Birds by Barbara Boivin
Roy and Alf were down at their local pub. It was a Thursday night and their usual outing having a pint and putting the world to rights. They usually debated the rights and wrongs of local government. On this particular evening however Roy asked "so what are you going to write about this time"? Roy knew Alf liked to write short stories, mainly for his grandchildren, nothing too intellectual but rather fun stories, just for a laugh. So when Alf said birds Roy asked him – "do you mean like the one sitting over in the corner wearing those bright red boots, she looks a bit of alright". Alf laughed and said "don’t let my wife hear to say that. No, it’s the feathered variety and there are just so many to choose from, even in my own garden. There are the sparrows – lots of them with the odd chaffinch. Then there are the ducks, especially in the spring they come with their ducklings. They start off with about 15 and then the numbers dwindle, probably attached by either cats or water rats. I have had some of the ducks knock on may ranch slider door hoping to be fed. The pukekos make a mess in the flower garden which doesn’t please my wife as they sometimes dig up her newly planted freesias. The magpies with a chorus of yodelling sound quite delightful".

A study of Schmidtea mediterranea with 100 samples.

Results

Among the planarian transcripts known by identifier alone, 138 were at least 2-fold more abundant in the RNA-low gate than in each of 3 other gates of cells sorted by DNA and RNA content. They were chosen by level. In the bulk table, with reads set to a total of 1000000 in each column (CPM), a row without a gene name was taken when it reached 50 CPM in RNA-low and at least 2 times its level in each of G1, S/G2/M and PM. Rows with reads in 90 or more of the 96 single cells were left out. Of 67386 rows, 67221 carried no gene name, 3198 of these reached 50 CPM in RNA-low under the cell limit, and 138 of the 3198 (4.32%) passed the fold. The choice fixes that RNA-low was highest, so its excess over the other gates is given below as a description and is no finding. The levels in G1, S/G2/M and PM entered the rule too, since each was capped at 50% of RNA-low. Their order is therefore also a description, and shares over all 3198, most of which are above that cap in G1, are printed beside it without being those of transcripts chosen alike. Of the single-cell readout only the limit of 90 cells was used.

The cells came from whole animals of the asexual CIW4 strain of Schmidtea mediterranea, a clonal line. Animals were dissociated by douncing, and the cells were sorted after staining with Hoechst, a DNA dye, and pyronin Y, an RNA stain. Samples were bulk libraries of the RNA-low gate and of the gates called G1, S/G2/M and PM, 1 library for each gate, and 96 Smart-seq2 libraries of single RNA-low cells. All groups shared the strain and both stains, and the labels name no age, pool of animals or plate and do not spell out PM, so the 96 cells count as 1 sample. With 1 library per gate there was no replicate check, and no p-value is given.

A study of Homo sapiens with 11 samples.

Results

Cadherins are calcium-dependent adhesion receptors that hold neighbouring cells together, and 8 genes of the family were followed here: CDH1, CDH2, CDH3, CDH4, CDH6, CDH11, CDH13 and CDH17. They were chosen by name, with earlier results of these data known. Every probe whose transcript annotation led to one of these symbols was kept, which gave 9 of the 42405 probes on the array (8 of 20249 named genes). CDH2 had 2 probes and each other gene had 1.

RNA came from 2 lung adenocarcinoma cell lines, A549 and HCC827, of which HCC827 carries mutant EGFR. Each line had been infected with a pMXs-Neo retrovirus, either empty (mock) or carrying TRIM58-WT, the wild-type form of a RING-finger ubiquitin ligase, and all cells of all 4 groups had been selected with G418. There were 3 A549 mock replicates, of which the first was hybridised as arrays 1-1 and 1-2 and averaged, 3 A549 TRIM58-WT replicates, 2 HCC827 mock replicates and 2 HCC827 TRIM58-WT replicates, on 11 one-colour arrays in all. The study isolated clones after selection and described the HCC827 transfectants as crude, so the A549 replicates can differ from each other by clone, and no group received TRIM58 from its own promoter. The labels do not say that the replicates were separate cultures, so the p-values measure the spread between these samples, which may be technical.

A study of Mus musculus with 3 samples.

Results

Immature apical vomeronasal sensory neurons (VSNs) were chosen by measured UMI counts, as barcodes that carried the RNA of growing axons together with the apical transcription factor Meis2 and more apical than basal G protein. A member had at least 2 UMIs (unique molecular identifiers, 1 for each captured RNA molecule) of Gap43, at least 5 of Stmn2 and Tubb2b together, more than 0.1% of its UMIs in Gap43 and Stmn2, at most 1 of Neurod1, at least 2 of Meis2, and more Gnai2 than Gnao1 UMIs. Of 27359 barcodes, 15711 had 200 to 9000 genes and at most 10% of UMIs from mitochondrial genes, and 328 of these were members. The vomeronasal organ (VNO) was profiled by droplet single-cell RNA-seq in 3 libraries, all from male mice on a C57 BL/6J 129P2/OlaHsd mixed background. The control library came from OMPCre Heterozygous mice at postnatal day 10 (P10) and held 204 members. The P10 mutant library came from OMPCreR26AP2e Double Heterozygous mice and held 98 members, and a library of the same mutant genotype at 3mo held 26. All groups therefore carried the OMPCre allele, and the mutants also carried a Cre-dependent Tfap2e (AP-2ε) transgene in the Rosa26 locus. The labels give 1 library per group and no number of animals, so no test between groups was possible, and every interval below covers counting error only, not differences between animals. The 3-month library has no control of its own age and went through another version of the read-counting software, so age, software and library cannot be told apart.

When he was growing up Alf believed if you came across a magpie to stop it from attacking you, you should say “salute the magpie” but have since been told no, it’s “how's your wife” but what if it’s a female bird, do you ask "how’s your husband" and who the heck can tell the difference.
Now and then on a still evening a morepork (ruru) call can be heard from up in the bush. A reassuring call – like everything is well and you can sleep in peace.
Alf looked at some ornithological books at the library hoping for inspiration, but nothing helped. "Good grief" said Roy, "you are taking this whole thing seriously. Are you going all intellectual on me, when I thought all the time it was more beer and rugby"? Alf replied, "well it keeps me out of my wife’s way especially when she is entertaining some of her girlfriends. They go on and on talking a lot of rubbish if you ask me".
Fantails (piwakawaka) are a favourite. Alf said he enjoys watching them when he working in the garden shed and when he’s out raking up the autumn leaves they flit about quite unconcerned catching insects. They are an absolute delight.
But when it comes to the crunch Alf would vote for the grey warbler. (riorio). It only seems to be heard this time of the year, heralding in autumn, which happens to be his favourite season – here is the song of the grey warbler.